Mice raised without bacteria in the gut showed distinctly autistic patterns of behaviour, choosing to interact with objects more than other mice, scientists at University College Cork (UCC) have found.
Scientists say the finding shows the essential role gut bacteria plays in the development of normal social behaviour and they point out that gut problems are common in people with autism, a disorder characterised by alterations in social behaviour.
Professor Ted Dinan, professor of psychiatry and a principal investigator in the Alimentary Pharmabiotic Centre (APC) at UCC, said they had been studying the influence of gut bacteria on the brain for years and they had already established that the serotonin system, which plays a role in regulating mood, “doesn’t develop properly if you don’t have enough bacteria in the gut”.
Adults have approximately one kilo of bacteria in the gut and Prof Dinan said these microbiota can influence brain development and function.
“In our studies involving mice, we found animals raised in a germ-free environment (without microbiota in their gut) spent more time interacting with objects than other animals and so have distinctly autistic patterns of behaviour,” Prof Dinan said.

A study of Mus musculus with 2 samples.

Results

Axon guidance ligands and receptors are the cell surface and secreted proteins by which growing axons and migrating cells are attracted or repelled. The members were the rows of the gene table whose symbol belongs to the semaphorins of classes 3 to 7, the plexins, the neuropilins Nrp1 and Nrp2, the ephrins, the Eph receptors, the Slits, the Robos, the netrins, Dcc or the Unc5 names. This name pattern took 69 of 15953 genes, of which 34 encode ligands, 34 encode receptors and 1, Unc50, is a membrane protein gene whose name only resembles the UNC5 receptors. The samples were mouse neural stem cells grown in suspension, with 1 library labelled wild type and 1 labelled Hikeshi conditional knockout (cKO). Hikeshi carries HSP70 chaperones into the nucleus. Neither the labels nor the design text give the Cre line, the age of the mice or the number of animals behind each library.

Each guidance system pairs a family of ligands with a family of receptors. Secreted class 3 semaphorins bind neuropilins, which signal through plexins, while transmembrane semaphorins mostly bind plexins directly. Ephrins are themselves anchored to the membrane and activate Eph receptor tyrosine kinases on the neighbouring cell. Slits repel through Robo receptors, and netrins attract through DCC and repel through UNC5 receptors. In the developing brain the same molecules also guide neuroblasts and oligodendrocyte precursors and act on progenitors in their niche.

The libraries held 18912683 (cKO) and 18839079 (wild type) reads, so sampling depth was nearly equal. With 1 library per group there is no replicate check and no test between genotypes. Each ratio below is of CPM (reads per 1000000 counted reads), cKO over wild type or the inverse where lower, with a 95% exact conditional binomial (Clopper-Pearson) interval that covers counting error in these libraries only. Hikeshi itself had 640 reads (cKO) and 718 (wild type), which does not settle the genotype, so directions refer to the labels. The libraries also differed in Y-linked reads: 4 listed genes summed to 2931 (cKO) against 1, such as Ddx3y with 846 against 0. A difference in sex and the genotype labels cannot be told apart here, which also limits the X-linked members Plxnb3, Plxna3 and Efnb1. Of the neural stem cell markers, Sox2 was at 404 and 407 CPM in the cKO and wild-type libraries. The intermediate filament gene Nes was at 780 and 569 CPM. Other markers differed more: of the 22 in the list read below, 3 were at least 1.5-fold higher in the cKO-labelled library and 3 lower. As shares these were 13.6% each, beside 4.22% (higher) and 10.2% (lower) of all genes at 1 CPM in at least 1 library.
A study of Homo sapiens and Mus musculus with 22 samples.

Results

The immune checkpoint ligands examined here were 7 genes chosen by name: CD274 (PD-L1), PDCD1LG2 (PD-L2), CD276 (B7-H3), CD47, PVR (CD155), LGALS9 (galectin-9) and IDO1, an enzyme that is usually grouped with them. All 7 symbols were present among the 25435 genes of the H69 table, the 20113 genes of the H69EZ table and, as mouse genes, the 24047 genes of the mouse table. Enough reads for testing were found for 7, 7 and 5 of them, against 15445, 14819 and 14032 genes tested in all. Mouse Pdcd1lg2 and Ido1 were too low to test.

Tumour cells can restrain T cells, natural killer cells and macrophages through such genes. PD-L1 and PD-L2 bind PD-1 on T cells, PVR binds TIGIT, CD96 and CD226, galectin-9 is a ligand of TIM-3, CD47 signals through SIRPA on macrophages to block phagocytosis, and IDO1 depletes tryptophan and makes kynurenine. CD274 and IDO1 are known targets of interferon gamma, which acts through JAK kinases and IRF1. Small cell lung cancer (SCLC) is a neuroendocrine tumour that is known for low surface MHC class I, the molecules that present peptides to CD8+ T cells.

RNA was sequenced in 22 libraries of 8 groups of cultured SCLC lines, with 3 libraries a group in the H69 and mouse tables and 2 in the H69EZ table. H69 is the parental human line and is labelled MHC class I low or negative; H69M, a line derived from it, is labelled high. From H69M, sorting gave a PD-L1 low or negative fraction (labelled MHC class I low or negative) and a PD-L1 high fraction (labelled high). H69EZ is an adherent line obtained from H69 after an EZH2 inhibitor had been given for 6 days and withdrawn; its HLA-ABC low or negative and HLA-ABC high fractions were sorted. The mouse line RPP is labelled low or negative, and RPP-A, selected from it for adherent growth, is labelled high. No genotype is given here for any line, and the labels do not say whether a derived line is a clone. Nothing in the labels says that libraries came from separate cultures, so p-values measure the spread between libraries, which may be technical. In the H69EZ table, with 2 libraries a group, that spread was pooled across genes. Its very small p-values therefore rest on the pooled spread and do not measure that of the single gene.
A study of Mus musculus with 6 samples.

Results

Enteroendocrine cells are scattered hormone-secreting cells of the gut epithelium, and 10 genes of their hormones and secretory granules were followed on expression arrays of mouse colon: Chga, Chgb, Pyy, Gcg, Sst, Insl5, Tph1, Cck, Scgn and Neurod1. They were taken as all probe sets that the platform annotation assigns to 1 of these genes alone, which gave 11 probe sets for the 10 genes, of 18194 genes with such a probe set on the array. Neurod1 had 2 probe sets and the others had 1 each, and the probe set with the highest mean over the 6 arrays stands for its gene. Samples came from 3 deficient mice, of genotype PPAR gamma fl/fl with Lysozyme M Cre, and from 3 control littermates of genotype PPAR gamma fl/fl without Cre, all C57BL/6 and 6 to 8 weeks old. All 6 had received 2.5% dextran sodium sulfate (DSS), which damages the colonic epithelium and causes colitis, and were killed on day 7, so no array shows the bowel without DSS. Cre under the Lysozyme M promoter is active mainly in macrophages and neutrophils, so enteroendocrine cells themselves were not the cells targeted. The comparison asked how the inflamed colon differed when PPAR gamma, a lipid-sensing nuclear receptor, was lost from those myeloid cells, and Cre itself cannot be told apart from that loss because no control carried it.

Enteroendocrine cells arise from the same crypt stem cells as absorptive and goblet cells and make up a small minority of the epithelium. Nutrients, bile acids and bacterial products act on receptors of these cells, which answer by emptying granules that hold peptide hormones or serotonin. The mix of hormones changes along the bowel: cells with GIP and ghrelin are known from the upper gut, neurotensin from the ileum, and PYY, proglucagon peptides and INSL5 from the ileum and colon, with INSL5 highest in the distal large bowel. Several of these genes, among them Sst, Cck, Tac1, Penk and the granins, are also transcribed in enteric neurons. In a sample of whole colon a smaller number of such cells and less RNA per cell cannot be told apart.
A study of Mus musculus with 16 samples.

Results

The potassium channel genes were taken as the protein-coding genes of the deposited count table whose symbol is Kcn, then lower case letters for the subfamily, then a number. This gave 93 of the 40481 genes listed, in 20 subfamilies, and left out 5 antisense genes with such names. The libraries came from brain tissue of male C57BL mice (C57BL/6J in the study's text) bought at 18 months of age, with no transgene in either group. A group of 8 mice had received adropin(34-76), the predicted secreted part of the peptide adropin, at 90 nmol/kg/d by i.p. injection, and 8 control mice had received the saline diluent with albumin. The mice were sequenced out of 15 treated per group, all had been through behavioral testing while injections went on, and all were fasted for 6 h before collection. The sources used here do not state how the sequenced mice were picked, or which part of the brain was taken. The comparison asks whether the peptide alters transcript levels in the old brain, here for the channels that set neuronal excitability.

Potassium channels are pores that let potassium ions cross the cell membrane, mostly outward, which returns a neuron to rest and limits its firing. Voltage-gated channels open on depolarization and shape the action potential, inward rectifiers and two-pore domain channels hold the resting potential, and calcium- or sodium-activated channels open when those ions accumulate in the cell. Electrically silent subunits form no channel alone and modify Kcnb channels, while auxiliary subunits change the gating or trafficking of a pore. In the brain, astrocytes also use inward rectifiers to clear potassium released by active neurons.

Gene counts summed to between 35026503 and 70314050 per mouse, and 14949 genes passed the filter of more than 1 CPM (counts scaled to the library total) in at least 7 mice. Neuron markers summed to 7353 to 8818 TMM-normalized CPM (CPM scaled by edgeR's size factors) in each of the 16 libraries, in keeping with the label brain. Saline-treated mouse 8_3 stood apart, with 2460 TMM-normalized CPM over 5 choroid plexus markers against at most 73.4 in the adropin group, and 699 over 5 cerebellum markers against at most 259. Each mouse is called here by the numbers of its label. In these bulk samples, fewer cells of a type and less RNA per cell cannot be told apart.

He said at the core of their paper was that for the social development of animals, they needed a normal range of bacteria in the gut.
Microbiotic-deficient mice used in the study showed “reduced preference” for novel social situations, in other words, they weren’t that interested in investigating a new mouse on the scene over a familiar mouse. The scientists said this resembles social cognition deficits observed in patients with neurodevelopmental disorders. They said children with autism exhibit increased repetitive behaviours and microbiota-deficient mice also show enhanced repetitive grooming when placed in a new situation.
Interestingly, when bacteria was introduced after weaning it reversed the observed social avoidance and repetitive behaviours, but had no effect on social cognition impairments.
Professor John F Cryan, senior author on the publication and had of the Department of Anatomy & Neuroscience at UCC, said although the findings emanate from experimental models “they clearly highlight that the absence of critical bacteria during early life affects behaviours relevant to autism and thus further investigations into how the microbiota affects the wiring of the brain are required”.